Kable revisited – the effect of supreme court decisions to detain (and the like) which are later set aside

Subject:  What is the effect of a decision of a superior court which is subsequently set aside?

Case: State of NSW v Kable [2013] HCA 26

Court: High Court of Australia – Maj: FRENCH CJ, HAYNE, CRENNAN, KIEFEL, BELL AND KEANE JJ; Min: GAGELER J

Background:  In 1996 the HC found that a NSW Act enabling detention of Mr Kable was invalid.  (Kable (no 1)) As a result, the detention order made by a judge was set aside.  This case is generally cited as a constitutional law case.  

Mr Kable claimed damages for false imprisonment.  He did not succeed.  

Held: The HC found that the detention order provided lawful authority for his detention (at [11]).

Quotes:

Maj: "A State Act empowered the State's Supreme Court to order the preventive detention of Gregory Wayne Kable if satisfied that otherwise he would probably commit a serious act of violence.  The Supreme Court ordered Mr Kable's detention for six months.  After the six months had elapsed, the detention order was set aside on appeal to this Court and the State Act held invalid.  Did the detention order provide lawful authority for Mr Kable's detention?"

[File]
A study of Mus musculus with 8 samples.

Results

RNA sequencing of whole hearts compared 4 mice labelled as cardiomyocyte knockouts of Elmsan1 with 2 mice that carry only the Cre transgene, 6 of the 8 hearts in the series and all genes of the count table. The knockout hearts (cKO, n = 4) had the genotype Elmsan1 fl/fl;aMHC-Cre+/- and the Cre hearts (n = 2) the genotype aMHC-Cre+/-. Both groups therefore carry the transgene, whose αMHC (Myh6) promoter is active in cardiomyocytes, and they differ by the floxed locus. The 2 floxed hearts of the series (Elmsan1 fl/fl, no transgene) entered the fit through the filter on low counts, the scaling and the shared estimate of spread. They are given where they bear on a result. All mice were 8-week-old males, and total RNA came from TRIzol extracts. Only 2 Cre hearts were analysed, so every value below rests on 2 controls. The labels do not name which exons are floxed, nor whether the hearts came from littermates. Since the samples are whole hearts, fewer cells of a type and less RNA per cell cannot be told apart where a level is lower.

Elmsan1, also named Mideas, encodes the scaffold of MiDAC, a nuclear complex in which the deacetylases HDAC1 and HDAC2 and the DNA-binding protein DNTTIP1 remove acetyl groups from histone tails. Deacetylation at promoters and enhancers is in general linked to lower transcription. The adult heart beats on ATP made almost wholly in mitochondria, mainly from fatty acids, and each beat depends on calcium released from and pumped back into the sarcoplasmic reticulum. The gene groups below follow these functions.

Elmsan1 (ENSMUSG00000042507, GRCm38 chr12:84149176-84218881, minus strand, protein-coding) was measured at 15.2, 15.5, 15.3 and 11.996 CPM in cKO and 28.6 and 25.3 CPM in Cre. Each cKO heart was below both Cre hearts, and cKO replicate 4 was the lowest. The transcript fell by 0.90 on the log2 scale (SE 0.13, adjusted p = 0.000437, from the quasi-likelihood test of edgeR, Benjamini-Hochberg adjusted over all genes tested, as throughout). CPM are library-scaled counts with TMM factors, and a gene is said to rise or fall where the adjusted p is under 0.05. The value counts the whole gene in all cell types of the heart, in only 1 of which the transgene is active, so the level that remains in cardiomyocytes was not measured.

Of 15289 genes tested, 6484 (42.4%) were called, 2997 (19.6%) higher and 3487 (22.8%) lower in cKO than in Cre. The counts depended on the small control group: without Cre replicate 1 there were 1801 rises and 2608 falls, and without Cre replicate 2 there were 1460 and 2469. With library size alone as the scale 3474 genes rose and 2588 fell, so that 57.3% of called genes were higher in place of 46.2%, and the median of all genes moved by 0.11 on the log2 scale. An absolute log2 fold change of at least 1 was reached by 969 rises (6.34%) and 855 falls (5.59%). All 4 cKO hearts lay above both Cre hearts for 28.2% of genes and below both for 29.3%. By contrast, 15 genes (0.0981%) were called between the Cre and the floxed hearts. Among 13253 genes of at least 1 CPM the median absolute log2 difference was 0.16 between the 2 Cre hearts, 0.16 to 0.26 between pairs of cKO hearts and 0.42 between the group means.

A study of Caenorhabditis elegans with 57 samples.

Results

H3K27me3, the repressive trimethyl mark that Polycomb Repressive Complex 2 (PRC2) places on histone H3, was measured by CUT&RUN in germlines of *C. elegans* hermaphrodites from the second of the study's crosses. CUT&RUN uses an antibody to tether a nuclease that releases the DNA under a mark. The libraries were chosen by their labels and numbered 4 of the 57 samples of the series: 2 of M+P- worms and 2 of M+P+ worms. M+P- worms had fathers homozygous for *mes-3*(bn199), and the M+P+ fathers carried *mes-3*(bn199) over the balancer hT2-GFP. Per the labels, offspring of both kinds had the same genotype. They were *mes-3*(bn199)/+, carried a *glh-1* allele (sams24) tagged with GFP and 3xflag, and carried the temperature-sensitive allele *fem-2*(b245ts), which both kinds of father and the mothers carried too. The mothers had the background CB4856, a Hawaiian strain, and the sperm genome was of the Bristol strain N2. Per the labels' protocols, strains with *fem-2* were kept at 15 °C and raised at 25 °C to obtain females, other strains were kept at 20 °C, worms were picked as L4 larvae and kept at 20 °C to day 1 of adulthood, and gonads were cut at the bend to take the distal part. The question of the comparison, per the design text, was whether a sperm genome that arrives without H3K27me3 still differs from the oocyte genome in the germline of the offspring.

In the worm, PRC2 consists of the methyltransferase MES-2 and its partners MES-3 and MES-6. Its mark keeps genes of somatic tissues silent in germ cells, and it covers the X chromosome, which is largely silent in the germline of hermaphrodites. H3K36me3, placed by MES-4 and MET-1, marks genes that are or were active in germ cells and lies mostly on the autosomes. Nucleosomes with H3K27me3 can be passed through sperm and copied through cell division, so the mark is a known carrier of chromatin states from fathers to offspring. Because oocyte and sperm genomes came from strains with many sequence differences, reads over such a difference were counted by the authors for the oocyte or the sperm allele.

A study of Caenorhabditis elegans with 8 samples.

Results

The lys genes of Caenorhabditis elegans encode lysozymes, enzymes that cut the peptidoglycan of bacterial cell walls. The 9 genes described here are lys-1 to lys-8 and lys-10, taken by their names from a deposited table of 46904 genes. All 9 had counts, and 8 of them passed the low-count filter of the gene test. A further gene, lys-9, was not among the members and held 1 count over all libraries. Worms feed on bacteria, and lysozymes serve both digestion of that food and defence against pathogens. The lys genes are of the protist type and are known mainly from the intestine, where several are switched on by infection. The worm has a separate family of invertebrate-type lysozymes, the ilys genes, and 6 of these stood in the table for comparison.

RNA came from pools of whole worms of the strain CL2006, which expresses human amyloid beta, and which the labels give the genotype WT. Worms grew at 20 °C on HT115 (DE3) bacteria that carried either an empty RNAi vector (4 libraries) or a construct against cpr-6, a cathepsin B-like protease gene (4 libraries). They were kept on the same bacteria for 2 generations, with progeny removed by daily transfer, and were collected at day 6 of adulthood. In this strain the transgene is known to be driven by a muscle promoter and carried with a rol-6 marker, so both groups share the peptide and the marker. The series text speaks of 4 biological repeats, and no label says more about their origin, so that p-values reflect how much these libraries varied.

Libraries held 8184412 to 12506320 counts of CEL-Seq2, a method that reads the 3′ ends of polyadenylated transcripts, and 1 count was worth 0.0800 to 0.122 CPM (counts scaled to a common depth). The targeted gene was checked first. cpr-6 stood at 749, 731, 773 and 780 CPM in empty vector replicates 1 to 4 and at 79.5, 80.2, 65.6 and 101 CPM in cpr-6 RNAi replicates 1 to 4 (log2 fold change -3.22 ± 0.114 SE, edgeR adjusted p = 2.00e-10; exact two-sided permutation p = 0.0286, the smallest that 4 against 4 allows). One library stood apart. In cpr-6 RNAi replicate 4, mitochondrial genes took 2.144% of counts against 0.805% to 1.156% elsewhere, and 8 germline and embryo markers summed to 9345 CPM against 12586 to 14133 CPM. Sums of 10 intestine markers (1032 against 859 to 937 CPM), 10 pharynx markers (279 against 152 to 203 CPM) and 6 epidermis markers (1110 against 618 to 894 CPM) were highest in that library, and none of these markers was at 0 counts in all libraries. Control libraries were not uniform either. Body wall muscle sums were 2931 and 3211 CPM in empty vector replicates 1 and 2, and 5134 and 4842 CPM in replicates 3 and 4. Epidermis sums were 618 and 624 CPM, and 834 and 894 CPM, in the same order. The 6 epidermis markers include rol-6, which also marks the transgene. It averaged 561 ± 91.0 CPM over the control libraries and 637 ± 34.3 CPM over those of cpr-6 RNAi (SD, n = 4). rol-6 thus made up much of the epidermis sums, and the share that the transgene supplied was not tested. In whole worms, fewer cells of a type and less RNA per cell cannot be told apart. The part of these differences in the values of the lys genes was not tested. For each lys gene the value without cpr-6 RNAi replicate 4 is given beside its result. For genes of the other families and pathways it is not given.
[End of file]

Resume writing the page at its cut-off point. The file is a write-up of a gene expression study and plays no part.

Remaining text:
The void/voidable distinction and its difficulties is discussed in [20] – [23].

The detention order was a "judicial order" "made by a judge of the Supreme Court in his judicial capacity" [28].

In Australia, we treat "the orders of a superior court of record as valid until set aside" [38].

Accordingly there was no room for a claim of false imprisonment, as Mr Kable was detained by a Supreme Court order which was on foot during the whole of his detention, and "remained valid during that time" [43].

Note: The HC commented that the NSW Court of Appeal did not understand Kable (No 1) [17].  This shows how complex this area is, and how difficult it is to explain it.

Note: It is important to distinguish between superior court decisions which are set aside, and those of inferior courts and tribunals.  The latter could give rise to civil claims like false imprisonment, or trespass, if they are found to be unlawful.